It is commonly said that group homomorphisms "preserve the structure of the group", e.g., from Wikipedia:
The purpose of defining a group homomorphism as it is, is to create functions that preserve the algebraic structure.
Now, my default notion of structure is the one that holds that isomorphisms are structural identities---two isomorphic mathematical objects have the same structure. But that notion of structure requires preserving not just the operations on the elements of the domain but also requires the two sets of objects be equipollent.
But homomorphisms aren't, in general, reversible---or else they'd be isomorphisms. Since homomorphisms don't preserve size, in what sense does it preserve "structure"? Is there any more to the notion of structure here than the simple definition of algebraic structure as a set endowed with certain operations?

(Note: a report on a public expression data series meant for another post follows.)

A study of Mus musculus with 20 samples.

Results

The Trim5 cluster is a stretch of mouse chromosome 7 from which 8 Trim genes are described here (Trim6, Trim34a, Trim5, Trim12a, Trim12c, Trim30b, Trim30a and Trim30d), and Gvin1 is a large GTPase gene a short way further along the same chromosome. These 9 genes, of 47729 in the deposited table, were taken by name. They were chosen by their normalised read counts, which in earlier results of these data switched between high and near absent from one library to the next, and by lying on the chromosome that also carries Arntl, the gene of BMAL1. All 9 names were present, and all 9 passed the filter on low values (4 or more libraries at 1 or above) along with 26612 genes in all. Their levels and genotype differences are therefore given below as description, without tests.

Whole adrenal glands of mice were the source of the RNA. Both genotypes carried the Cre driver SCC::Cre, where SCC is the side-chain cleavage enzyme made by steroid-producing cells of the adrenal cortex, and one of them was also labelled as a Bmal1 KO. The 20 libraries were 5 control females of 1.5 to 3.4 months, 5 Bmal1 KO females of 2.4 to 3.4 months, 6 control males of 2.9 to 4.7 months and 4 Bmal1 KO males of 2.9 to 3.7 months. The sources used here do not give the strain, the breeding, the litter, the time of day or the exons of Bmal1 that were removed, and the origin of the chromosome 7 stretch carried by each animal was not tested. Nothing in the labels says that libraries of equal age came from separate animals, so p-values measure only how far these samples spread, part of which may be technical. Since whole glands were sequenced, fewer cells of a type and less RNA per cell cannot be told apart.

Toy example illustrating the problem: suppose you have a group homomorphism between groups $G$ and $H$ (but no isomorphism). Suppose also that you have an isomorphism between $G$ and some further group $J$. Since there is a homomorphism between $G$ and $H$, the structure in $G$ is preserved in $H$. Since there is an isomorphism between $G$ and $J$ they have the same structure. But presumably if $H$ preserves the structure of $G$ then they have the same structure. That can't be true, though, since they aren't isomorphic. It seems then that either "structure" means two different things when discussing isomorphisms and homomorphisms, or "preserves" doesn't mean that the homomorphic sets have the same structure (and then I have no idea what "preserves" actually means in this context).
I'm clearly confused about something. I'm just not sure what.
TL;DR What is the difference between the notions of "structure" when you say that isomorphic structures have the same structure and when you say that a group homomorphism preserves the group structure?